November 21, 2018

Lean and agile business analysis — where to start?


But what exactly is lean business analysis? Can and should analysis work be performed in an agile way?

I know I’m cutting corners here, but let me start with 5 second introductions to both lean and agile.

  • Lean is about reducing waste through not doing things that don’t add value.
  • Agile is about learning in short feedback loops on working partial products.

Yes, there’s much more to it than this, but if you actually run your organisation or your projects with this mindset, you’re already taking a big step forward.

What does this mean for lean and agile business analysis?

Maximise the analysis work not done

Have you ever written a requirements document, only to have it picked up for implementation many months later (or maybe never at all)? Was it good to go, or did you need to revisit and update it? Most probably, in the end there was some waste during the process of creating the deliverable.

For each business analysis deliverable, we have to challenge ourselves: what is the bare minimum to be able to move things forward? A good example is “The one where” as a way of describing usage scenarios or test cases. For some reason, if you Google it, it brings up several “Friends” suggestions, like “The one where Ross got high”. If you’ve ever seen this Friends episode, you don’t need much more information to remember what it is about.

Similarly, if you document a business process, simply listing the case of “the one where the customer makes an advance payment” captures a lot of information. That information does not necessarily need to be written down formally for people well aware of the business context if the time between capturing and implementing the requirement is kept short.

By reducing the detailed analysis work and timing your analysis work well, we can maximise the analysis work not done and minimise analysis waste without hindering the (process or software) implementation process.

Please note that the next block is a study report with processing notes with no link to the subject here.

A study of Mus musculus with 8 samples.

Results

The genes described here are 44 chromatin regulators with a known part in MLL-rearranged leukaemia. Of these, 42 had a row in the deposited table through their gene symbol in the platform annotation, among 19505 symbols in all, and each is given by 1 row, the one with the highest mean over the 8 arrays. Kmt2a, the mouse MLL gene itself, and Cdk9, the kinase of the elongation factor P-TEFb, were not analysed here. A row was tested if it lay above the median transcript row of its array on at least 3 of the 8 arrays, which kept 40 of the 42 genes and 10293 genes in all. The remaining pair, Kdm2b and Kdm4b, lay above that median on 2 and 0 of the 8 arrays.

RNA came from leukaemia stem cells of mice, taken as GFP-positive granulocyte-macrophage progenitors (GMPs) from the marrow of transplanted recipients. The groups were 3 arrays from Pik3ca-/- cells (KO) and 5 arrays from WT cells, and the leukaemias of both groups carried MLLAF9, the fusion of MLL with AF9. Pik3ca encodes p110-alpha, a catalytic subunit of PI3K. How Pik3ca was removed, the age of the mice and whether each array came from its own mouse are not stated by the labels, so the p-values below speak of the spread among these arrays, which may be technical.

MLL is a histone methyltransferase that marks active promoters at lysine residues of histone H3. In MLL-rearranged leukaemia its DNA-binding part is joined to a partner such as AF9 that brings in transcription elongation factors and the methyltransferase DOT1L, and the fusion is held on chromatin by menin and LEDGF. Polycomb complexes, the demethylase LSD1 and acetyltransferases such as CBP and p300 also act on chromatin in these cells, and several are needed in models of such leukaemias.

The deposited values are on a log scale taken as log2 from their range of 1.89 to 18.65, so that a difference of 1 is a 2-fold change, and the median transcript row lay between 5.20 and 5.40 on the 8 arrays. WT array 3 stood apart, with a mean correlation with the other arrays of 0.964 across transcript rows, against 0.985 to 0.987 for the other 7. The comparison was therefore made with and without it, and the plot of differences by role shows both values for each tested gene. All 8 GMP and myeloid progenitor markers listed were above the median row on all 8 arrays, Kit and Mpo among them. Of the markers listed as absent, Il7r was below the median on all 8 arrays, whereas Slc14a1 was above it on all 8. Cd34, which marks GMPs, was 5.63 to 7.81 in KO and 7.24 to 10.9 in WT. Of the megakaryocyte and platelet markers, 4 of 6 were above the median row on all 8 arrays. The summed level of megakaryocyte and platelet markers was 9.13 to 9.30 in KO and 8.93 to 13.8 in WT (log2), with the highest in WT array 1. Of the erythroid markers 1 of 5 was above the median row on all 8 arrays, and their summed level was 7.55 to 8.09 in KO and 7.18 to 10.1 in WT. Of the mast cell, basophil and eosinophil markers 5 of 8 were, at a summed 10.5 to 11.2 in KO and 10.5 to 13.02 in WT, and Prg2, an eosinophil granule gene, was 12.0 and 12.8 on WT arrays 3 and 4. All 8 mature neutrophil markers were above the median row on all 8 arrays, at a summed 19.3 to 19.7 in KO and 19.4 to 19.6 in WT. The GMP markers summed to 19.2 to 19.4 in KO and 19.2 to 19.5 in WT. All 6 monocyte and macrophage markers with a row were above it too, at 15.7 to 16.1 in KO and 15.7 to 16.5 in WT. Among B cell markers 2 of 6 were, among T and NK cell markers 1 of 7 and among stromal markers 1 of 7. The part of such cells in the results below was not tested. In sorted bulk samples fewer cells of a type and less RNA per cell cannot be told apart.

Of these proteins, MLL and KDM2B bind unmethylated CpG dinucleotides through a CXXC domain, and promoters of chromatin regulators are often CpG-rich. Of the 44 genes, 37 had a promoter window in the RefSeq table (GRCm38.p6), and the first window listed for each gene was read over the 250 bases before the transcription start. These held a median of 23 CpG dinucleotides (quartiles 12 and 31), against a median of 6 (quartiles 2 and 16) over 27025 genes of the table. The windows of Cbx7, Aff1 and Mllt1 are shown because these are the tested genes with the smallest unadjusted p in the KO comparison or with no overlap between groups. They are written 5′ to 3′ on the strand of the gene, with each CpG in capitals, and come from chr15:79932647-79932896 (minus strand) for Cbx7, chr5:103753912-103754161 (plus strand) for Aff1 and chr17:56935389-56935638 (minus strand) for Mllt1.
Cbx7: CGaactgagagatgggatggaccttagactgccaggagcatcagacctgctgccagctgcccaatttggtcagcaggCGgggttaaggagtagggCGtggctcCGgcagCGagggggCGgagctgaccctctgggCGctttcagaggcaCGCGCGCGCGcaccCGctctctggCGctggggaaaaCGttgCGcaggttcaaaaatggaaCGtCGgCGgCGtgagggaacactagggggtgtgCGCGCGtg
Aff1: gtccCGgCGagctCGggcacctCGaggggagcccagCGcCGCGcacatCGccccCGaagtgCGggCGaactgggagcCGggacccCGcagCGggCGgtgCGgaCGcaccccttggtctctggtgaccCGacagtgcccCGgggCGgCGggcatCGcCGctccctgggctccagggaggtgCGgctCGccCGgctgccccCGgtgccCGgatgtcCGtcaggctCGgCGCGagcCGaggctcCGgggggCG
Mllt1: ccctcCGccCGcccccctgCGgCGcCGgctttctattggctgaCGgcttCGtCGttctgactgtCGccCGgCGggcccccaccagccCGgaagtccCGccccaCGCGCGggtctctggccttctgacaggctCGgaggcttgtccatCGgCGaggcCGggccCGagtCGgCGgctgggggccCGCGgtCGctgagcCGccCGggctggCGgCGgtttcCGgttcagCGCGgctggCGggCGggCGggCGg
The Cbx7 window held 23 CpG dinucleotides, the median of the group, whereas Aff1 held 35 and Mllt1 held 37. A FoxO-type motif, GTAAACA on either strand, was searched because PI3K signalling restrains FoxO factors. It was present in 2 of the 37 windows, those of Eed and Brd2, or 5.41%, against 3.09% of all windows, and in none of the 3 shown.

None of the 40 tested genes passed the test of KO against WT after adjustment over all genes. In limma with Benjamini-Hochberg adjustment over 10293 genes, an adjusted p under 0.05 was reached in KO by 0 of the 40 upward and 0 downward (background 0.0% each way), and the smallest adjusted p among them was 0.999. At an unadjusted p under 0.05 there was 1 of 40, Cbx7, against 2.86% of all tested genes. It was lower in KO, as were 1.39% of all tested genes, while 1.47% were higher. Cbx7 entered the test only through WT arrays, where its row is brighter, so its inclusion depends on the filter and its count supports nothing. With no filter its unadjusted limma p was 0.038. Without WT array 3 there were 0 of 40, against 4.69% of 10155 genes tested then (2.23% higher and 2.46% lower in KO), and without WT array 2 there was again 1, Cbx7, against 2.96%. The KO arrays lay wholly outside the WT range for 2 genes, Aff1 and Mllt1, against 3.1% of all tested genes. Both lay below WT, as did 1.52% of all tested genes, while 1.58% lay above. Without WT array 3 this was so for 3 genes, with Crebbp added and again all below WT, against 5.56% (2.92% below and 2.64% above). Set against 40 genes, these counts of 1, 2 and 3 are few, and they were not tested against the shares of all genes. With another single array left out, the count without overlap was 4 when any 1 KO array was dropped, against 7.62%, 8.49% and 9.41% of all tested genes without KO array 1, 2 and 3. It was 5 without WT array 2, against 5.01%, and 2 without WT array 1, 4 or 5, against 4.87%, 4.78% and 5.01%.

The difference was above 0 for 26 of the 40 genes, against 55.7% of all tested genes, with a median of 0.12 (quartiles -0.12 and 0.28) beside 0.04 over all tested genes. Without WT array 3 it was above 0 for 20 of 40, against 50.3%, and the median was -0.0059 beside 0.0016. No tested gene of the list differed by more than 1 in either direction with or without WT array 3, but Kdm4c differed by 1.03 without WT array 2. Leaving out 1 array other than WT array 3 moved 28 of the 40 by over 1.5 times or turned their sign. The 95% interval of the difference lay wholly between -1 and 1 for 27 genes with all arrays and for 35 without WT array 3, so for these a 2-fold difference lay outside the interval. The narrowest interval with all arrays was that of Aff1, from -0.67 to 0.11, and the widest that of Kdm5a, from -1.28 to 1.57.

Laser focus on value creation

“The one where” is an example of how we can make the analysis process more efficient. The goal of this analysis process, however, is not the output it helps implement (a process, a piece of software, …). The goal is a business outcome.

At each stage of a project, you want to be sure you are moving towards that outcome. If so, great! But if it’s not the case, you’d like to discover this sooner rather than later, so that you can make early course corrections.

Elaborating on the advance payment example: the intended outcome could be to reduce the number of reservations that are not picked up. Before fully implementing and automating a complicated payment process, you’ll want to validate whether advance payment has a positive impact on your goal.

In summary, two tips to embed lean and agile thinking into your business analysis work:

  • Check your deliverables: is it the right deliverable at the right time, with the right amount of detail and in the most suitable format (which is not necessarily in writing)?
  • Validate your output: is it helping to achieve the outcome you’re aiming for?

Apply these tips and let business analysis make your organisation thrive.

Get started

In my upcoming workshops on strategic business analysis, we apply a number of BA & lean startup techniques to create a lean and agile project context from within the BA or PM role.